This significantly reduces the returns for the Eswatini sugar industrury. During the year that has just ended, Eswatini supplied to various sugar markets in proportions of 60 per cent into Southern African Customs Union (SACU), 12 per cent to the region (Southern African Development Community – SADC - and Common Market for Eastern and Southern Africa-COMESA), 17 per cent to the European Union (EU), four per cent to the United States (US) and the balance of seven per cent to the rest of the world.


Swaziland Sugar Association (SSA) Commercial Director Sharon De Sousa said South Africa and Eswatini as the only sugar producers in SACU) shared the same concerns about the flooding of the common market by cheap imports from outside SACU.


“We are in solidarity with the South African people who have expressed concerns about these imports,” De Sousa explained. SSA’s reaction was prompted by the proposed march reported by Business Day where over 2 000 members of the sugar industry in South Africa are expected to march against an alleged flood of imports mainly from Brazil, the United Arab Emirates on Tuesday.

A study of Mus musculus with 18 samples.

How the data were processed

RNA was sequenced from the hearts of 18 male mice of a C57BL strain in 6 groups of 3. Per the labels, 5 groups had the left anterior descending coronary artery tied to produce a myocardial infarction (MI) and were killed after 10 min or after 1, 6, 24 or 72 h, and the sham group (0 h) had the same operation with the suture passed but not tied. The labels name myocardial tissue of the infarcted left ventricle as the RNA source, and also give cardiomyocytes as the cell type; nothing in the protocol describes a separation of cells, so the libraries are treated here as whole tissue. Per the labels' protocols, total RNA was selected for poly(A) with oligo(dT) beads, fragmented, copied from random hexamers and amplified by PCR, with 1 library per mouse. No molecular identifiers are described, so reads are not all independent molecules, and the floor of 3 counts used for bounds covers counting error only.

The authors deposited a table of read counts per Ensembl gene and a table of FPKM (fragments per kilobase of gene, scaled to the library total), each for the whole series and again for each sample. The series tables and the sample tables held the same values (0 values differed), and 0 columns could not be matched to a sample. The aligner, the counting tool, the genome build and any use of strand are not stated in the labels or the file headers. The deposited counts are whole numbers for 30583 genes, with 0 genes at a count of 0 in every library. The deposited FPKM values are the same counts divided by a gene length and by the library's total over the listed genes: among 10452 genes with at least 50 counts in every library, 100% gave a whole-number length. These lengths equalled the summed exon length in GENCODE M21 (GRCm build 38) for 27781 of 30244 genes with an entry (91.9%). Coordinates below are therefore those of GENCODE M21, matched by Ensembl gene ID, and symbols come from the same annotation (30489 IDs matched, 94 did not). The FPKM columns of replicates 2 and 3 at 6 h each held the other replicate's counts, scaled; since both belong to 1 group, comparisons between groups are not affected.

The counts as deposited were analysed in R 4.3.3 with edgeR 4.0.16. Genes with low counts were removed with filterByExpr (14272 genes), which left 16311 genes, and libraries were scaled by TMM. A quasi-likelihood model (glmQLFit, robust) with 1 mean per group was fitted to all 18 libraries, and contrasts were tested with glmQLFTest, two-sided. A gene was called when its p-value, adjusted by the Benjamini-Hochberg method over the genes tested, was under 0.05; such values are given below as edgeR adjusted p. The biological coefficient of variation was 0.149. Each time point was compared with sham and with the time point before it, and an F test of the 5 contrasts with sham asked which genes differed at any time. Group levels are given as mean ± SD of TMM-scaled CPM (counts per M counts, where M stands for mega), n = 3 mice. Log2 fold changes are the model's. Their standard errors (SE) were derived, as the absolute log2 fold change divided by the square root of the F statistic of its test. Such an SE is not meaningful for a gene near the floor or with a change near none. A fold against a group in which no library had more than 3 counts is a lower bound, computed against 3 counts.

Appeal


The publication reported that the march would be in line with an appeal that has been made to the International Trade Administration Commission (ITAC) to expedite the decision on the application by the South African Sugar Association (SASA) for higher tariffs on imported sugar. 


 “The Eswatini sugar industry appeals to the two governments to work with their SACU partners to ensure that the sugar import tariff into SACU is at a level that protects the domestic industry from such imports,” De Sousa pleaded.  
De Sousa pointed out that the Eswatini sugar industry is rated among the top efficient sugar producers in the world and continues to pursue strategies to improve its efficiencies.


However, she said it still struggles to compete with sugar imports as the prices of these imports were not reflective of the ‘true’ costs production given various subsidies/concessions given to the sugar industries in these countries.